Researchers Soften 'No Antibiotics for Head Cold' Advice
WebMD Health News
Reviewed by Louise Chang, MD

July 20, 2006 -- Last year they found no evidence antibiotics help head coldscolds. But now two New Zealand researchers say antibiotics "probably" help colds with ugly green mucus.

Even so, they still advise against the use of antibiotics unless symptoms last "long enough to concern parents or patients."

A runny nose with green mucus -- what doctors call "purulent rhinitis" -- is the most common reason for getting a prescription for antibiotics. After reviewing the scientific literature, Bruce Arroll, MBChB, PhD, and Timothy Kenealy, MBChB, of the University of Auckland in New Zealand, last year concluded the drugs don't work.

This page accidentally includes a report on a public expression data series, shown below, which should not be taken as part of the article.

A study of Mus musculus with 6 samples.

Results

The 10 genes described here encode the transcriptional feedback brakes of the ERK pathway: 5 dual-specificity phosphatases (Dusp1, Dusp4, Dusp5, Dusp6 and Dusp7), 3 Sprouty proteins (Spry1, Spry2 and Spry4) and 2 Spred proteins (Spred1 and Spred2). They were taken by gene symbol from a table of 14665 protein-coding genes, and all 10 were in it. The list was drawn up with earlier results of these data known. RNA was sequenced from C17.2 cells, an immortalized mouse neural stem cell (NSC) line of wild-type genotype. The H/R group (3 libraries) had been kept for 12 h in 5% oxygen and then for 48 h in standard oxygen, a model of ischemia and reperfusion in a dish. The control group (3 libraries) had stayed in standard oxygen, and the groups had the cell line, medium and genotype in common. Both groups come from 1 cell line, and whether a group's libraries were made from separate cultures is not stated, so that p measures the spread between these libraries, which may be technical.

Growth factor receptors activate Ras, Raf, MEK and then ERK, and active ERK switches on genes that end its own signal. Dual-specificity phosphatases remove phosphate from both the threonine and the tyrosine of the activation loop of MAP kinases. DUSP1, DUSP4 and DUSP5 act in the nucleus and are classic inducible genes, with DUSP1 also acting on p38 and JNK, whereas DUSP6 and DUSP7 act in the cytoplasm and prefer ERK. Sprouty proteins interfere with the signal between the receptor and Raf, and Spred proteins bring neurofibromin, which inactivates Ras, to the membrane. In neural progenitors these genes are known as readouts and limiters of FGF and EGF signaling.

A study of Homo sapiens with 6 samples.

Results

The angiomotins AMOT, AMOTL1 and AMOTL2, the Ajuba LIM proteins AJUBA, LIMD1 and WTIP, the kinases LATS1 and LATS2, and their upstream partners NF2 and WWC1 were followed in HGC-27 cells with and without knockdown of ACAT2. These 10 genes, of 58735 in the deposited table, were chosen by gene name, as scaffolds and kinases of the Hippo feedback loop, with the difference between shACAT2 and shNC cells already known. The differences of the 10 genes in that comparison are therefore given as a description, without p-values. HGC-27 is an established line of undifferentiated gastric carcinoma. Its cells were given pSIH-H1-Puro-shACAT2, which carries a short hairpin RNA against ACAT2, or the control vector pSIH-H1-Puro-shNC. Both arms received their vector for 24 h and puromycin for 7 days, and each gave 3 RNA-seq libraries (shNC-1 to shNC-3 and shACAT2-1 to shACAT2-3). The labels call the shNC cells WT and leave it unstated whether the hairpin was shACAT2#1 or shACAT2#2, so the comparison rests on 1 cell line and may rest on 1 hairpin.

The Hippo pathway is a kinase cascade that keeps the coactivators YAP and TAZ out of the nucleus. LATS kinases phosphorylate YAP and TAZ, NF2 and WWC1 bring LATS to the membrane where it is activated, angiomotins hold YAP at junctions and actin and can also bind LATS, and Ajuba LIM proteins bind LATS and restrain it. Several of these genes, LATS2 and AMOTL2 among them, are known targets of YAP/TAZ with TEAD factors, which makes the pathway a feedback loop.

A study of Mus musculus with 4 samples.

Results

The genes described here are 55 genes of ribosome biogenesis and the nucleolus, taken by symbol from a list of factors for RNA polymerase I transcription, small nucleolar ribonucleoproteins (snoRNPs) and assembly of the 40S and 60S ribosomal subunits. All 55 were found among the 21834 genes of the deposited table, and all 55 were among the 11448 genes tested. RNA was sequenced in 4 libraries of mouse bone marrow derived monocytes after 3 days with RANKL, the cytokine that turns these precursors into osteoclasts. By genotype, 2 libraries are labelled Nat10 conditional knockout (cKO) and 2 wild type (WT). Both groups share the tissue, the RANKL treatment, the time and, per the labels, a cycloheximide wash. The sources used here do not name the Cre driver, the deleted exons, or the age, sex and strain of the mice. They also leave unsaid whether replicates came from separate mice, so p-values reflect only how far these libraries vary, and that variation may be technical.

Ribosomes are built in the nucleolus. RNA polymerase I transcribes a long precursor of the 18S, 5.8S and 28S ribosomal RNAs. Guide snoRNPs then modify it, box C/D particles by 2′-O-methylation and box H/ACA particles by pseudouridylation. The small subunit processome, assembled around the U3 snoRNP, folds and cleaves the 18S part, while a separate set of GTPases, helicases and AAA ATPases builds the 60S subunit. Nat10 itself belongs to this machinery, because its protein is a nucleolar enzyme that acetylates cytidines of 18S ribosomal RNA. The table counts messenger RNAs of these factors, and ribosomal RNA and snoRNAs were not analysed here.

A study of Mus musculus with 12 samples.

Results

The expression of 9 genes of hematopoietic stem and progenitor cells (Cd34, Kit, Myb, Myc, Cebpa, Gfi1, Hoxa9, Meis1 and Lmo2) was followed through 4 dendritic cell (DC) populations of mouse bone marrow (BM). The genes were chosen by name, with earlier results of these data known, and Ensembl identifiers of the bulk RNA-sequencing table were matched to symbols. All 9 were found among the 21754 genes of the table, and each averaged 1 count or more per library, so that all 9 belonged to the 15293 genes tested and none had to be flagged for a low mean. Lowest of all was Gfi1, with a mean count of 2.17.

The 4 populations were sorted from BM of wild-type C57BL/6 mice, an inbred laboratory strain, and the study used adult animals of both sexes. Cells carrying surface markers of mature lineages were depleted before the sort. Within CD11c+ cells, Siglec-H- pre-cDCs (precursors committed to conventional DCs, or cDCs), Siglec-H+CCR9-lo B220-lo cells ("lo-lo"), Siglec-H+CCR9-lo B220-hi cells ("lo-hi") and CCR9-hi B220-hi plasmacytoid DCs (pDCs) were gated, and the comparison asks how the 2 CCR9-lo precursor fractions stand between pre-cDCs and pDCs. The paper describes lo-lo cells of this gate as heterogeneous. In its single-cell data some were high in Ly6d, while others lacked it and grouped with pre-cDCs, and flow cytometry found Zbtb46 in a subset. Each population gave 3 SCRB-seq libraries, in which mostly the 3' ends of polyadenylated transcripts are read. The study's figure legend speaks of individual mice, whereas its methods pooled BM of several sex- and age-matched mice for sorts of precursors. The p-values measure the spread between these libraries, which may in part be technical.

Now, after another look at the evidence, they've softened their stance -- just a little. Their most recent report appears in the current online issue of BMJ.

"Antibiotics are probably effective for acute, purulent rhinitis," Arroll and Kenealy now conclude. But, "most patients will get better without antibiotics, supporting the current 'no antibiotic as first-line [treatment]' advice."

In their review of scientific studies, the researchers found that people who take antibiotics when their noses keep running green for five to eight days have a slight (18%) chance of doing better than those who don't take the antibiotics.

At that rate, one of every seven to 15 patients would do better with antibiotic treatment. On the other hand, there's also a 46% higher risk of side effects -- usually diarrhea diarrhea .

What about people who cough up ugly green phlegm from a chest cold? So far, there's no proof antibiotics do a lot of good.